March 8, 2013
By AOPA Communications staff
Five air traffic controllers have been awarded “Flight Assist Commendations” by the Air Safety Institute of the AOPA Foundation for service they rendered to pilots who were facing troubles while aloft during 2012.
Each of the controllers was recognized for guiding pilots to safety who were struggling with airborne situations that included an on-board fire, a loss of instruments, hypoxia, and the danger of high terrain.
The awards were presented March 6, during the annual conference of the National Air Traffic Controllers Association in Las Vegas.
“These controllers exemplify the high standards that we’ve come to rely upon,’’ said Bruce Landsberg, president of the AOPA Foundation. “The U.S. has the busiest and safest airspace in the world, but periodically pilots do face tremendous life-threatening challenges. In many cases it’s been these controllers who made the difference between a non-event and a tragedy.”
Controllers Tony Hanel and Ashley Curtsinger were commended for assisting a Beechcraft Baron with an on-board fire. The airplane eventually ditched in the Gulf of Mexico and the controllers coordinated the rescue of the pilot and passenger.
In a March 2012 incident, controller Rosalina Serai alerted a pilot “who was under enormous distress while operating under instrument conditions, deviating off course and heading towards rising terrain.” Serai directed the aircraft to another airport, where it landed safely.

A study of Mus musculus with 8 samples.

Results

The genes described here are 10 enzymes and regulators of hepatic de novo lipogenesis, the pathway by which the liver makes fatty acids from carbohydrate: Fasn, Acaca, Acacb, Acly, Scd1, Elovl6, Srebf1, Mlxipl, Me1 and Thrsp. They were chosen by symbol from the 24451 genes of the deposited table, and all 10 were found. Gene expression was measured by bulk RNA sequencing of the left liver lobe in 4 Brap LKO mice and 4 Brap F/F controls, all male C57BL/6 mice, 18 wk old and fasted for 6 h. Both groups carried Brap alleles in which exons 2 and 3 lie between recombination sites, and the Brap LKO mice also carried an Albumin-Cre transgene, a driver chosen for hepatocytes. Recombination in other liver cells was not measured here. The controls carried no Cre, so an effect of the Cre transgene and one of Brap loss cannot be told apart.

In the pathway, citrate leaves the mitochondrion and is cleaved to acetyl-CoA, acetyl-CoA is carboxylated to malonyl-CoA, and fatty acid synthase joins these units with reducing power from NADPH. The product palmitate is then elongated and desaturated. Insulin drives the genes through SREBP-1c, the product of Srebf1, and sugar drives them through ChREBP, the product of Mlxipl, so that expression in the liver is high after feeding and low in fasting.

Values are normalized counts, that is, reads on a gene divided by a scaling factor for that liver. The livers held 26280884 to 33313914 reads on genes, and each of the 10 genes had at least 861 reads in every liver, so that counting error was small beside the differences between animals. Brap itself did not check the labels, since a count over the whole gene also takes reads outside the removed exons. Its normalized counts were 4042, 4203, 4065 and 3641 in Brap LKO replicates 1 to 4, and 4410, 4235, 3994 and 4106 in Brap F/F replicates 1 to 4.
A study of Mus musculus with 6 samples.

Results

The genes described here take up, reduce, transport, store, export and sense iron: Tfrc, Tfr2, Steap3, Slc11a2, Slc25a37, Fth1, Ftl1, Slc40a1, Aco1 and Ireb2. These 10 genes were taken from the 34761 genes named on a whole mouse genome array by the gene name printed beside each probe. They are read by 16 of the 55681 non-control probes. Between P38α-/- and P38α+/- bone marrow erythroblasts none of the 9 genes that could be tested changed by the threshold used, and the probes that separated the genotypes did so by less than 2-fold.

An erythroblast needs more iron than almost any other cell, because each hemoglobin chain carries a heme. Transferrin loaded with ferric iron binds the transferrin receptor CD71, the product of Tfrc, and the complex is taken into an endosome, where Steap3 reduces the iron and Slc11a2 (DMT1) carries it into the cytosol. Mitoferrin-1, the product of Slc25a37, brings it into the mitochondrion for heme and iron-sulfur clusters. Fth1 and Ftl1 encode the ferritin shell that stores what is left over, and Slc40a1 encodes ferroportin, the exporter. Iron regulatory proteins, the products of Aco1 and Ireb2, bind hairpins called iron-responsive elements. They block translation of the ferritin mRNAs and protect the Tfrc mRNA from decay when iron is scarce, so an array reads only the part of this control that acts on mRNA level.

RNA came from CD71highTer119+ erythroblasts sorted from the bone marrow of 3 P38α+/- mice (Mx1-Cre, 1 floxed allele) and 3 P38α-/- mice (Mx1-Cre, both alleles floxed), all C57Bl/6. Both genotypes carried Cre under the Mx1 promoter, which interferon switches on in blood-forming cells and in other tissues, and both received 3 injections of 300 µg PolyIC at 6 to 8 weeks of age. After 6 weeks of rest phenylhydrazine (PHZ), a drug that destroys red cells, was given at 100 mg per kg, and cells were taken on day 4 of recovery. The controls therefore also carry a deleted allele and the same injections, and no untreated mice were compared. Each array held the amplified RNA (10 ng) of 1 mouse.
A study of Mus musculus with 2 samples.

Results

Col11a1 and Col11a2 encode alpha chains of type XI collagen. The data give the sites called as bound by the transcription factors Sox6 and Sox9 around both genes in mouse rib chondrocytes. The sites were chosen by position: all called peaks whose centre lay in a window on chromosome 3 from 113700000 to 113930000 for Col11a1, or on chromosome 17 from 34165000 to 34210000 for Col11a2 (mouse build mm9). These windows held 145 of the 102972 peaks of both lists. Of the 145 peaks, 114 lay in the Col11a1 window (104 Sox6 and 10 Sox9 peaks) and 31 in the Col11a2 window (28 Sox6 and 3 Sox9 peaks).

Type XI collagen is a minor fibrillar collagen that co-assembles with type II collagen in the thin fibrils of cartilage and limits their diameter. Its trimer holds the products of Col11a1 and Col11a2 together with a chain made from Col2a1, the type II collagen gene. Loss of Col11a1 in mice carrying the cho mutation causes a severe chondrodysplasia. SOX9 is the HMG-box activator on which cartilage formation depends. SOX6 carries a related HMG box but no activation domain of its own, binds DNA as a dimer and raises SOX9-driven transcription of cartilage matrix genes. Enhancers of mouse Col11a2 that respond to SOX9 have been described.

In a May 2012 instance, John Herlien directed a pilot who was experiencing hypoxia to descend. The pilot reported feeling better at a lower altitude and the flight ended safely.
And in October, controller Steve Clark assisted a pilot flying in instrument conditions whose Cessna 182 aircraft experienced an avionics failure. “Controller Clark handled the emergency in an exemplary manner by providing no-gyro vectors to several airports until suitable landing conditions were found,” the award states. The pilot landed safely.
The AOPA Foundation’s Air Safety Institute is dedicated exclusively to providing continuing pilot education and safety programs for general aviation. It is funded by donations from individual pilots and organizations, which support the cause of improved general aviation safety.
Safety and Education,
Reviewing this regulation will make you a more effective plane spotter when ATC calls out fast traffic in busy (and haze-laden) airspace.
The Aircraft Owners and Pilots Association (AOPA) welcomed a Sept. 18 Federal Aviation Administration (FAA) announcement that it would host a “call to action summit” to address the barriers and potential challenges associated with equipping tens of thousands of aircraft for Automatic Dependent Surveillance-Broadcast (ADS-B) by the Jan. 1, 2020 deadline. ADS-B is a critical component of the NextGen air traffic modernization program.
The FAA announced Sept. 18 that it would host a “call to action summit” to address the barriers and potential challenges associated with equipping tens of thousands of aircraft for ADS-B, a move welcomed by AOPA.